With my three natural births I had ‘trouble’ with the placenta coming out. I am not sure if it was because it just didn’t come out in the time frame they set or if it is really an issue if it is not out in an hour?
Unfortunately, the term “natural birth” is a bit of an oxymoron in most hospital settings. Even if you are able to ward off well-meaning midwives and doctors who really think that you’d be better off with an epidural or a raft of other interventions, the fact is, birthing women are on the clock from the minute they are admitted to hospital.
The third stage of labour – the delivery of the placenta – is almost always ‘managed’ and not physiological. That means that your caregivers will give you a shot of Syntocinon (the synthetic version of our body’s natural hormone, oxytocin) which although reduces the risk of postpartum haemorrhage, also causes the uterus to contract, thereby encouraging the placenta to come away from the uterine wall and be delivered. It is also possible that your caregiver will tug gently on the umbilical cord periodically to see if they can speed up the removal of the placenta.
Following the birth of your baby, hospitals will want to ensure that the placenta is delivered anywhere from 10-30 minutes later. It would be unusual for them to allow the placenta to remain inside the uterus for up to an hour following birth.
I’d be curious to know whether or not your caregivers delayed cord clamping with each of your births.
The disadvantages of early clamping were recognised as far back as 1801, when Erasmus Darwin wrote: “Another thing very injurious to the child is the tying and cutting of the navel string too soon; which should always be left till the child has not only repeatedly breathed but till all pulsation in the cord ceases. As otherwise the child is much weaker than it ought to be, a part of the blood being left in the placenta which ought to have been in the child”.
Today, we know from studies that the placenta retains approximately one third of the newborn’s blood volume and therefore, if the cord is cut too early, the baby is deprived of a significant portion of its blood supply.
When our bodies are allowed to work as Mother Nature intended, oxytocin creates strong uterine contractions which continue at regular intervals. The uterine muscle fibres shorten, or retract, with each contraction, leading to a gradual decrease in the size of the uterus, which helps to ‘shear’ the placenta away from its attachment site.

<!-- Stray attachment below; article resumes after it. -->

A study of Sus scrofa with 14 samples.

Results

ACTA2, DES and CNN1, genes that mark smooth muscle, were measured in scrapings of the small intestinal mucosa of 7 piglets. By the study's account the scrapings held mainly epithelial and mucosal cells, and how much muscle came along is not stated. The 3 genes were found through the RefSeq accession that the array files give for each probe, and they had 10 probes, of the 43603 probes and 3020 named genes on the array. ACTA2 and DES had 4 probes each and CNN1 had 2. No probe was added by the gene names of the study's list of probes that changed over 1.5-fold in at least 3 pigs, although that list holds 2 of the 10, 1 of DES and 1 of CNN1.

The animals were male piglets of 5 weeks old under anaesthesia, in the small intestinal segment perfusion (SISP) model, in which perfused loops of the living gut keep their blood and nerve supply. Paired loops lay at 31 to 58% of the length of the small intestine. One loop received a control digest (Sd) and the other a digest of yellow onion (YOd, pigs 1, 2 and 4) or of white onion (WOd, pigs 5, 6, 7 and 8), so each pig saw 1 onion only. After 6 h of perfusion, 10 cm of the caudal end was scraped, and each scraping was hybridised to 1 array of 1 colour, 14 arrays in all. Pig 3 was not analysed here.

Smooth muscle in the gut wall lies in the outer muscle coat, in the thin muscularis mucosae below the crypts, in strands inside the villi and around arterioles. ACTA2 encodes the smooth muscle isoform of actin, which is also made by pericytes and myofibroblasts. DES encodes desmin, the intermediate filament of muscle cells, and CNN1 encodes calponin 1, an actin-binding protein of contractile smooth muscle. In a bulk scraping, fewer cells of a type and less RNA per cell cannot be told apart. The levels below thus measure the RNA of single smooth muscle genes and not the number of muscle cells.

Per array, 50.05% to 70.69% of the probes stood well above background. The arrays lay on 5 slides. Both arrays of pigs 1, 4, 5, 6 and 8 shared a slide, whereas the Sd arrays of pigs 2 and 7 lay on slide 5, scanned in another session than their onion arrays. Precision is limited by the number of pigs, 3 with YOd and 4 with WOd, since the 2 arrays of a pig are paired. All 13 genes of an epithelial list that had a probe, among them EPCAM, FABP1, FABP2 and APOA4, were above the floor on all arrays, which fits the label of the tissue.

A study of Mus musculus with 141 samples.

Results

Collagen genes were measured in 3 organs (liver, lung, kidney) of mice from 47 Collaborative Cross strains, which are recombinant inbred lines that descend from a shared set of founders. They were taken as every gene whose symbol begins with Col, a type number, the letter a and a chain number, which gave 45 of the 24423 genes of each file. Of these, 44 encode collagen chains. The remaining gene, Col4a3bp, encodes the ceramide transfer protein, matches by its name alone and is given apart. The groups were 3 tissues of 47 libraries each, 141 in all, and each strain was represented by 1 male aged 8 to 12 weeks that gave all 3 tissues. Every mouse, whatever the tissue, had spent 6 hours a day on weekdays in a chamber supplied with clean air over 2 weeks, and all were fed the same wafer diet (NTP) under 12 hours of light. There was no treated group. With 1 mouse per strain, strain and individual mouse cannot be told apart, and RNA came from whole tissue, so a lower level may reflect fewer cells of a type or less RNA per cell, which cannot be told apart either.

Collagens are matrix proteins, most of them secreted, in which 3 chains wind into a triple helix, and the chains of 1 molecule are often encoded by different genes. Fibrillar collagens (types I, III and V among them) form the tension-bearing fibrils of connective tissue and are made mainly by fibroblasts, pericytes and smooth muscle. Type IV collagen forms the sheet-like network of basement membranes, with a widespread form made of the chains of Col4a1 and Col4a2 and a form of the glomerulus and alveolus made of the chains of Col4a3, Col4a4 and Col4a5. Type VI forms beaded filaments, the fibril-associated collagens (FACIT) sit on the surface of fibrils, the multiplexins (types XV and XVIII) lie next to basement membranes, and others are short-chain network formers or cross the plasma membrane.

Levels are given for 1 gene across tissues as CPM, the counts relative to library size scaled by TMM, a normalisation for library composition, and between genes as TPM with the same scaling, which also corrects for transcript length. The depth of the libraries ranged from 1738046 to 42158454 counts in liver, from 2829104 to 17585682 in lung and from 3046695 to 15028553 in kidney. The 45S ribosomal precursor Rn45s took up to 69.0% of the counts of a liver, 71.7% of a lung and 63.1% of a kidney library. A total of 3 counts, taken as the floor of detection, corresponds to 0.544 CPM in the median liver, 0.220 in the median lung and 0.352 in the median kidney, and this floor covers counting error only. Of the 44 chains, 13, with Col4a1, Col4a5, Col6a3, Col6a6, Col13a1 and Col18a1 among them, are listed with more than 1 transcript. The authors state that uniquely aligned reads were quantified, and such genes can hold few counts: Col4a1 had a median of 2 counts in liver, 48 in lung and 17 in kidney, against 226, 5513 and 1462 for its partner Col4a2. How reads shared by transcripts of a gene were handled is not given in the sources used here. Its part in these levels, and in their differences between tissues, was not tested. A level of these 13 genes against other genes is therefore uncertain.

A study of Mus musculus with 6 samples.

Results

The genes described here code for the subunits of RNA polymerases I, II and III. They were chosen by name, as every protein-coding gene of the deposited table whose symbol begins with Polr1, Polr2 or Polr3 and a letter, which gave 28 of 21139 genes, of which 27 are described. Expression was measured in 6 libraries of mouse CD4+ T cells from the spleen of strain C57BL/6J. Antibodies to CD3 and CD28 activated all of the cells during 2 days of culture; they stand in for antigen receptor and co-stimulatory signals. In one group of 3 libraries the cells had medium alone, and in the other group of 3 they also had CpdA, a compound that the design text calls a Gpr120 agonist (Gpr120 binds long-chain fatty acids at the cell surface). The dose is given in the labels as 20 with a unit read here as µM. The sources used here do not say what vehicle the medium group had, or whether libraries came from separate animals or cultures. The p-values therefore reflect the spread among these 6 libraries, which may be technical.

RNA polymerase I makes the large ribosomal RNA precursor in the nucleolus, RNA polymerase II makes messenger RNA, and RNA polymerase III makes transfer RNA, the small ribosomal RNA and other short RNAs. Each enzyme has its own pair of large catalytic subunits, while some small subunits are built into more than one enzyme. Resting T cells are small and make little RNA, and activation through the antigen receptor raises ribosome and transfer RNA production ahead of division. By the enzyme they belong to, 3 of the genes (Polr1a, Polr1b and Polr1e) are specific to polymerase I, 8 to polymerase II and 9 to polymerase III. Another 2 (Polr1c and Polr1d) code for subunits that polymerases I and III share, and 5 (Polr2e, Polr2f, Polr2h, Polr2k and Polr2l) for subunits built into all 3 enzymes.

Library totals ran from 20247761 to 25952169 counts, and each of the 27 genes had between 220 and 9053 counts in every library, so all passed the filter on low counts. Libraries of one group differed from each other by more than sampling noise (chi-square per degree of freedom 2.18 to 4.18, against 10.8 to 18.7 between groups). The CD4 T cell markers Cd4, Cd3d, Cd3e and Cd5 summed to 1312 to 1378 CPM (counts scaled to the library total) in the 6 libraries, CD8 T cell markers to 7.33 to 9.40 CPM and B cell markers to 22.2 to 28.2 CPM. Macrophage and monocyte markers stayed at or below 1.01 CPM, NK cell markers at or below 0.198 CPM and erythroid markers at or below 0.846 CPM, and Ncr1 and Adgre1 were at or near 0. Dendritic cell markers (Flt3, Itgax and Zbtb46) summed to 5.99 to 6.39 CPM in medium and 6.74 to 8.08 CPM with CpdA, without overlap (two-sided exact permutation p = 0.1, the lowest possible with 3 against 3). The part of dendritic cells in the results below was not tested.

For the new mother, the third stage is a time of reaping the rewards of her labour. Skin-to-skin contact and the baby’s first attempts to breastfeed further augment maternal oxytocin levels, strengthening the uterine contractions that will help the placenta to separate and the uterus to contract down. In this way, oxytocin acts to prevent haemorrhage, as well as to establish, in concert with the other hormones, the close bond that will ensure a mother’s care and protection, and thus her baby’s survival.
Hopefully, as more women become aware of the advantages of physiological third stage, they will demand that this crucial stage of labour and birth is also left to nature.
Lamaze Certified Childbirth Educator
Tanya was born and raised in Hong Kong to Australian parents. She moved to Australia in 1995 and worked for a number of years as an arts marketing specialist before moving to Israel in 2006.
Tanya trained to become a Lamaze Certified Childbirth Educator (LCCE) in Israel through the Douglas College Perinatal Program in Vancouver, Canada. She studied with renowned childbirth educator Rachelle Oseran BA, FACCE, LCCE, CD(DONA) who has over 29 years of experience in the field of perinatal education.
Tanya and her husband moved to Melbourne with their two children Liev and Amalia in February 2012. As the only LCCE in Australia, Tanya is excited to be pioneering Lamaze childbirth education here and looks forward to helping pregnant women build their confidence for what is undoubtedly the most awe-inspiring moment of a woman¹s life becoming a mother!